Thursday, 29 March 2012

Rocking, rolling, riding Malaysia 27 March 2012 pt2

Occasional hills
Morning has broken...

Another song in there somewhere, I'm sure of it! But, yes, morning has indeed broken after a somewhat restless night. The train made frequent stops which of course woke everyone up - didn't seem like anyone was getting on or off though, so perhaps some dubious transactions as I kept at least 1 eye on my bags. I was able to chain by main backpack to a fixing attached to the train floor, so my only real concern was the secondary pack with my IPad inside. I knew from research that the restaurant car will decouple sometime soon, so it's off to get some breakfast. Pork in a rice soup, 2 slices of fresh pineapple, an orange juice and 2 cups of coffee for 100 baht, about £2.20. Wasn't the best meal of recent times, slightly better than the savoury porridge of a couple of weeks ago though. Other options were processed meats with fried eggs, or ham and cheese sandwiches, toast, fruits and hot drink for 120 baht.

Outside, overcast and misty with distant shadows protruding into the gloom. Not mountains, not even hills but giant rocks dotting the otherwise flat, sometimes marshy landscape. 7.30 and the attendants are busy re-assembling the carriage, back normality then apart from those still sleeping of course.

Old trains
8.30 the train pulls into Hat Yai Station and the exodus begins. Tourists get off here for onward travel to the various islands famed for their nice beaches, blue waters and alcoholic filled nightlife. All that comes at a price though - environmentally and monetarily, a debate for another time, or google the issue if you can't wait. About 15 minutes here as the carriages are pulled apart and hooked up again. The restaurant carriage has gone, so have the five carriages behind it. Just a handful of us left in 2 carriages for the onward journey Butterworth.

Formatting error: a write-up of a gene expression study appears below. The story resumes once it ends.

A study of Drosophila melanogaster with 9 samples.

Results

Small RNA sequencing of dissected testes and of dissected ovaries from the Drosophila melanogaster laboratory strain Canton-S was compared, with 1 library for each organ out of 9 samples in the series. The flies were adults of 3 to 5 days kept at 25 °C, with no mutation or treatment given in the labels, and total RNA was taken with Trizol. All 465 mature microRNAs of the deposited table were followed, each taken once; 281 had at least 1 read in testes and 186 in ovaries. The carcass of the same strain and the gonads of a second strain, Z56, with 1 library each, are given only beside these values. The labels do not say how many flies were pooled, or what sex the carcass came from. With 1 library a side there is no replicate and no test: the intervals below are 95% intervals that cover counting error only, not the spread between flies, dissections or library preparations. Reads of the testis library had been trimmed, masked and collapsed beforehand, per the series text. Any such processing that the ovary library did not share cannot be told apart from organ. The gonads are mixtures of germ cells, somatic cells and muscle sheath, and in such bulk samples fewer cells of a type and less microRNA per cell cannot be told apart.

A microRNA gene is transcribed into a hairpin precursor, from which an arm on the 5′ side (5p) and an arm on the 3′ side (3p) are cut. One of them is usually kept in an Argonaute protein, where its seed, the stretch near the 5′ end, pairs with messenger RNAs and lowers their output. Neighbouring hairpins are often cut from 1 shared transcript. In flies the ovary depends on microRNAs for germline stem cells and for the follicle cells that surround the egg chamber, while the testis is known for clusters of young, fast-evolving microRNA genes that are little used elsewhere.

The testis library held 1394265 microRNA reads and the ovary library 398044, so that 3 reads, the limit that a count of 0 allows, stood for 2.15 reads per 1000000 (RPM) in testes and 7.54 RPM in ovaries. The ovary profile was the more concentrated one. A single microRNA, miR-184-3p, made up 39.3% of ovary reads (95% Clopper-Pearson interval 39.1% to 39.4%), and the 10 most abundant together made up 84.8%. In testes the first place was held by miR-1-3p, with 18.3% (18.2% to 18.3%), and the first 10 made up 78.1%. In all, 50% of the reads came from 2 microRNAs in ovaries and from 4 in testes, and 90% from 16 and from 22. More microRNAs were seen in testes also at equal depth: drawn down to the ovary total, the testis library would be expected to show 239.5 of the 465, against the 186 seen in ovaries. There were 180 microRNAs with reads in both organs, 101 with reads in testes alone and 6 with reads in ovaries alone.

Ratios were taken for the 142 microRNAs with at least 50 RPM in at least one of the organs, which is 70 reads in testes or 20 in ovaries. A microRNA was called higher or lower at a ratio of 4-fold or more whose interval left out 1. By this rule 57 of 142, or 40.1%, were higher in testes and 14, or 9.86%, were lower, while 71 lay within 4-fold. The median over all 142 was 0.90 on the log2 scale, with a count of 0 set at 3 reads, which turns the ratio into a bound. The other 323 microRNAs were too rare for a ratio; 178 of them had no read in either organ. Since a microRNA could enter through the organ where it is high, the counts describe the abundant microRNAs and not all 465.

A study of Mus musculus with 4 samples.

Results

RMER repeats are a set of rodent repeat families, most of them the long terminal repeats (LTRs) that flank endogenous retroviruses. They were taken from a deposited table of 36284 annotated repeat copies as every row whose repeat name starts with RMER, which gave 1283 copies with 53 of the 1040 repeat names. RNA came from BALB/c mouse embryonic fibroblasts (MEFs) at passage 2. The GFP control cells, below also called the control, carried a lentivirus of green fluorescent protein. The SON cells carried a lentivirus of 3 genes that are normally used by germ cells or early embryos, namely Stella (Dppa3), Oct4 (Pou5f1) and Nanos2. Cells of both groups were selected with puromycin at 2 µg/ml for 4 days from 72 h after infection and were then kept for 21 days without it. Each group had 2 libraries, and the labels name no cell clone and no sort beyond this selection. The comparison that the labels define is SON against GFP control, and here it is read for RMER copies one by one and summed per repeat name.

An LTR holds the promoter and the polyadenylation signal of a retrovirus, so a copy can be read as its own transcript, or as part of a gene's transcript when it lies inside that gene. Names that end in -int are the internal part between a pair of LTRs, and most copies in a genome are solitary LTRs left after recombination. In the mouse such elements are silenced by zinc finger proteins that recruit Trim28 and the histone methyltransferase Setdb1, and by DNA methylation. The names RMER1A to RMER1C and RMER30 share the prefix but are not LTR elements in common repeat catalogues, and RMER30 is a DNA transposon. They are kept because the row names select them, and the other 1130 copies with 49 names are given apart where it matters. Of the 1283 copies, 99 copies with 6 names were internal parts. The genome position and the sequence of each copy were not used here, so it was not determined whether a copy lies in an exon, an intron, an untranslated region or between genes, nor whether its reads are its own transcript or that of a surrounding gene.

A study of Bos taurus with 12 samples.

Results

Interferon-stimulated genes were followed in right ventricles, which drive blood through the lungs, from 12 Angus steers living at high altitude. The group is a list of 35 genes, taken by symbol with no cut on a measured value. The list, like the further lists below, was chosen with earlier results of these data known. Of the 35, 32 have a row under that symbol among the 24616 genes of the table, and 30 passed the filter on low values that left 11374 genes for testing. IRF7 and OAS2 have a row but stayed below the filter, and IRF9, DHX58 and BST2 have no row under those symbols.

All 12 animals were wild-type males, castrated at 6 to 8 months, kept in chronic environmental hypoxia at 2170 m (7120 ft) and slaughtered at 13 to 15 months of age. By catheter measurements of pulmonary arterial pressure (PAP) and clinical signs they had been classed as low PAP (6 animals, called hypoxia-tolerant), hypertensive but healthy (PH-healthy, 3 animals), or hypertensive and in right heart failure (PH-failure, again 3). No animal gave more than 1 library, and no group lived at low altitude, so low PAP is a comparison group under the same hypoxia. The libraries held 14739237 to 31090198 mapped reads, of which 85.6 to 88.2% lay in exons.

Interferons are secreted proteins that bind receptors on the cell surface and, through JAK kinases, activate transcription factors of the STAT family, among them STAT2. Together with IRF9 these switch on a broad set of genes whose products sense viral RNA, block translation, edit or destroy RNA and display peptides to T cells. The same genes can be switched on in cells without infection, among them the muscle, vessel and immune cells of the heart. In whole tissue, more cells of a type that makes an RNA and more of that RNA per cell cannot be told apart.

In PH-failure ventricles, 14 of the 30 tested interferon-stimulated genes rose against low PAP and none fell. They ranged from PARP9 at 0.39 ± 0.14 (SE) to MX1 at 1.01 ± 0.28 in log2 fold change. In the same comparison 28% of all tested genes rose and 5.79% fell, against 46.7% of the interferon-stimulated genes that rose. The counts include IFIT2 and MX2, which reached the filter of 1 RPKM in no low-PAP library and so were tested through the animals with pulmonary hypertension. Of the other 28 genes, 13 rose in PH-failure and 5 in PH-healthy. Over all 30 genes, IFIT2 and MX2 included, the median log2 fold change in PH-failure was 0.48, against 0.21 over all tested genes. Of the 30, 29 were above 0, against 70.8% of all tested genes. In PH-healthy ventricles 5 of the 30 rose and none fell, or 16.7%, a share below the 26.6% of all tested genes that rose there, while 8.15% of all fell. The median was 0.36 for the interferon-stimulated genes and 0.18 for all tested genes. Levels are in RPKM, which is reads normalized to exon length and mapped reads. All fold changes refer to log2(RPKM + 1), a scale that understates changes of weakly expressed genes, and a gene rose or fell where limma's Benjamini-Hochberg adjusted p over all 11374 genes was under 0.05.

Onto Pedang Besar, the next significant stop as this is the border control point leaving Thailand and at the same time arrive on Malaysian soil.  About an hour from Hat Yai, passing close to some of those scattered rock formations and the train slows and abruptly stops. Officials board and sternly order everyone off, bags, everything has to leave the train. About 15 of us shuffle, dragging our bags along the corridor to the Thai immigration counters. A sign points up some steps to food and drink which sounds good right now, and a chance to stock up depleted supplies. But no, officials usher everyone along.  It takes 90 minutes to get in, just 5 minutes to get out, after another photo session, a quick tap on their computer and a stamp in the passport. Back along the same corridor to the Malay counters, less than 2 minutes for a passport stamp and off to the customs counter. Another couple of questions and they let me in, sparing me the hassle of pulling apart my backpacks, all easy, quick and simple. Signs frequently warning of harsh penalties for drug smuggling - its the death sentence! Back on the train, waiting, waiting and waiting. 10.30 and the train pulls out of Pedang Besar. Could have stocked up on food and water, but thinking about it now, didn't notice anywhere to change money -  I'll be better prepared next time. The scenery changes to thick vegetation in places and cleared land in others. A new railway is being constructed next to this one. I noticed that it started as the train left Hat Yai. Next stop then is Butterworth.